A Case for Gender Mainstreaming in Peacekeeping Missions

UN female Peacekeepers. Photo by Evan Schneider/ UN Photo

The evidence shows that the presence of women in peacekeeping operations has a positive effect on its missions. However, despite the United Nations request to its members that it increase contributions from females in every mission, the numbers of those sent to the field remain low. Current operations show little improvement. While the increased presence of women in military units would be a sign of equality that may help to improve the status of women in the host nation, it does not guarantee that local women’s needs will be met.  Therefore, it is clear there is a need for gender mainstreaming to be implemented in all aspects of peacekeeping missions.

To understand the need for better mainstreaming, we must understand the history. As stated above, the inclusion of women in peacekeeping forces has grown slowly over the years. Between 1957 and 1989, just 20 women served as UN peacekeepers out of 26,250, or 0.07 percent of all forces. At the end of 2000, women constituted just three percent of military personnel and four percent of civilian police personnel. [1] By 2008, of the 77,117 military personnel in peacekeeping operations, only 1,640 were female, around two percent. [2]

Women are also still lacking in leadership positions in peacekeeping missions. There have only been three women heads: Margaret Anstee in Angola, Angela King in South Africa, and Elisabeth Rehn in Bosnia and Herzegovina.

Below are the most recent charts reflecting female military personnel in all active UN peacekeeping missions.

Image courtesy the United Nations Department of Peacekeeping Operations

Despite the low numbers of female participation, some UN peacekeeping missions got it right in terms of having a fully implemented gendered lens. The United Nations Observer Mission in South Africa (UNOMSA) was one of the three missions that has been led by females. This mission was one of the few countries where, through the local structures, women played a significant role in the peace process. The mission was able to achieve a greater gender balance (50 percent of staff were women) and it helped local women feel as if their concerns were being heard and met.  Another operation that had a significant gender focus was the United Nations Transition Assistance Group, stationed in Namibia from 1989 to 1990. The personnel consisted of 40 percent women.[1]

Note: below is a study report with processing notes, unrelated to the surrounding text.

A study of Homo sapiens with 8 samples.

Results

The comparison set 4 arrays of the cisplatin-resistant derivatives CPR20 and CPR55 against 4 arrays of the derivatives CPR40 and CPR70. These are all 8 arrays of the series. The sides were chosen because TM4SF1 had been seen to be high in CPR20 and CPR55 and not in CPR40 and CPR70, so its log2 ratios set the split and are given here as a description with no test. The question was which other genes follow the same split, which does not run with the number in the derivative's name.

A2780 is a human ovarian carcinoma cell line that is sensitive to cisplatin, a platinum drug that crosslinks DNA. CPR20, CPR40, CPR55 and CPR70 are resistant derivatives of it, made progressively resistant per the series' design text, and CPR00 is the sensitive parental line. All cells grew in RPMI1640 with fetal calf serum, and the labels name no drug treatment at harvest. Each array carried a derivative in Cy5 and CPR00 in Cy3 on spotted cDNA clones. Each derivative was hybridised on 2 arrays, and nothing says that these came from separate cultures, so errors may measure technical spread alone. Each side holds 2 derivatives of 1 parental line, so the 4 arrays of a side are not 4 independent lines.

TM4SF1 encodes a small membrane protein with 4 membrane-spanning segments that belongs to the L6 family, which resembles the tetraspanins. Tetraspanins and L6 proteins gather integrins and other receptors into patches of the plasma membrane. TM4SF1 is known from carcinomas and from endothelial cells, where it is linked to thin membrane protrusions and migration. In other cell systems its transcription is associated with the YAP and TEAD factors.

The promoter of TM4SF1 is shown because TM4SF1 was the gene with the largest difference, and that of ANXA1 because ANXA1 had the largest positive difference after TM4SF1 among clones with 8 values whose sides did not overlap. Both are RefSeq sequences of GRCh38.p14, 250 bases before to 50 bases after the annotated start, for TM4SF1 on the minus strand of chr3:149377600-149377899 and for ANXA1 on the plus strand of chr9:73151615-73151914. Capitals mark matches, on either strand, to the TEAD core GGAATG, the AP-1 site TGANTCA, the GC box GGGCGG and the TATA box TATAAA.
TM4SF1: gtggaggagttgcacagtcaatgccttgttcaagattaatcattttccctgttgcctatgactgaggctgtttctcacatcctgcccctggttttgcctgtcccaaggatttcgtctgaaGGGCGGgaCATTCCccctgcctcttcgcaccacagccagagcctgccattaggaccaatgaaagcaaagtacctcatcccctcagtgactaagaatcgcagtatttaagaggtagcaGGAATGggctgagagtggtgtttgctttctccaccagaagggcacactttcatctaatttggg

A study done by Gender Links found that if at least 30 percent of mission personnel are female, local women are more comfortable joining peace committees, which make them more responsive to female concerns.[2]

The small increase of women peacekeepers over the past few decades shows that we still have a long way to go. It has also been shown that the inclusion of women within peacekeeping does not appear to change those institutions’ fundamental male structures or cultures.[3] There needs to be renewed efforts and funding to implement gender mainstreaming in peacekeeping.

Gender mainstreaming is essential for the success of peacekeeping because it helps operations respond to different security needs within the society, improve operational effectiveness, create a representative mission, strengthen civil components of the mission, and strengthen democratic oversight.

Much discussion remains about how to implement mainstreaming in different peacekeeping contexts. However, there are important areas in which specific gender considerations need to be built in:

  • Make it clear that the UN cannot be neutral on gender matters and that it should encourage participation by local women.
  • Create clear gender targets for selection and recruitment across all positions and departments.
  • Planning and operations need to always include women during missions. [4]

Training also needs to have a clear gendered lens. While the UN Department of Peacekeeping Operations did standardize a generic gender training module within its human rights training module, its resources vary depending on the mission.[5]

To realize its full potential, gender mainstreaming should address the roots of the organizational structures and make changes based on feedback from the local level. This includes training that is implemented fully with gender mainstreaming as well as behavior monitoring. There should also be an active working relationship between civil society groups, who are often on the front lines working to ensure basic human rights, and the local population.

 

 


[1] Ibid

[2] Bertolazzi, Francesco. 2010. Women with a Blue Helmet: The Integration of Women and Gender Issues in UN Peacekeeping Missions. Santo Domingo: United Nations International Research and Training Institute for the Advancement of Women.

[1] Links, Gender. 2002. Mainstreaming a Gender Perspective in Multidimensional Peacekeeping Operations: South Africa Case Study. Case Study, Johannesburg: Gender Links.

[2] Ibid

[3] Mazurana, Dyan. 2003. "Do Women Matter in Peacekeeping? Women in Police, Military and Civilian Peacekeeping." Canadian Woman Studies 64-71.

[4] Bertolazzi, Francesco. 2010. Women with a Blue Helmet: The Integration of Women and Gender Issues in UN Peacekeeping Missions. Santo Domingo: United Nations International Research and Training Institute for the Advancement of Women.

[5] Bertolazzi, Francesco. 2010. Women with a Blue Helmet: The Integration of Women and Gender Issues in UN Peacekeeping Missions. Santo Domingo: United Nations International Research and Training Institute for the Advancement of Women.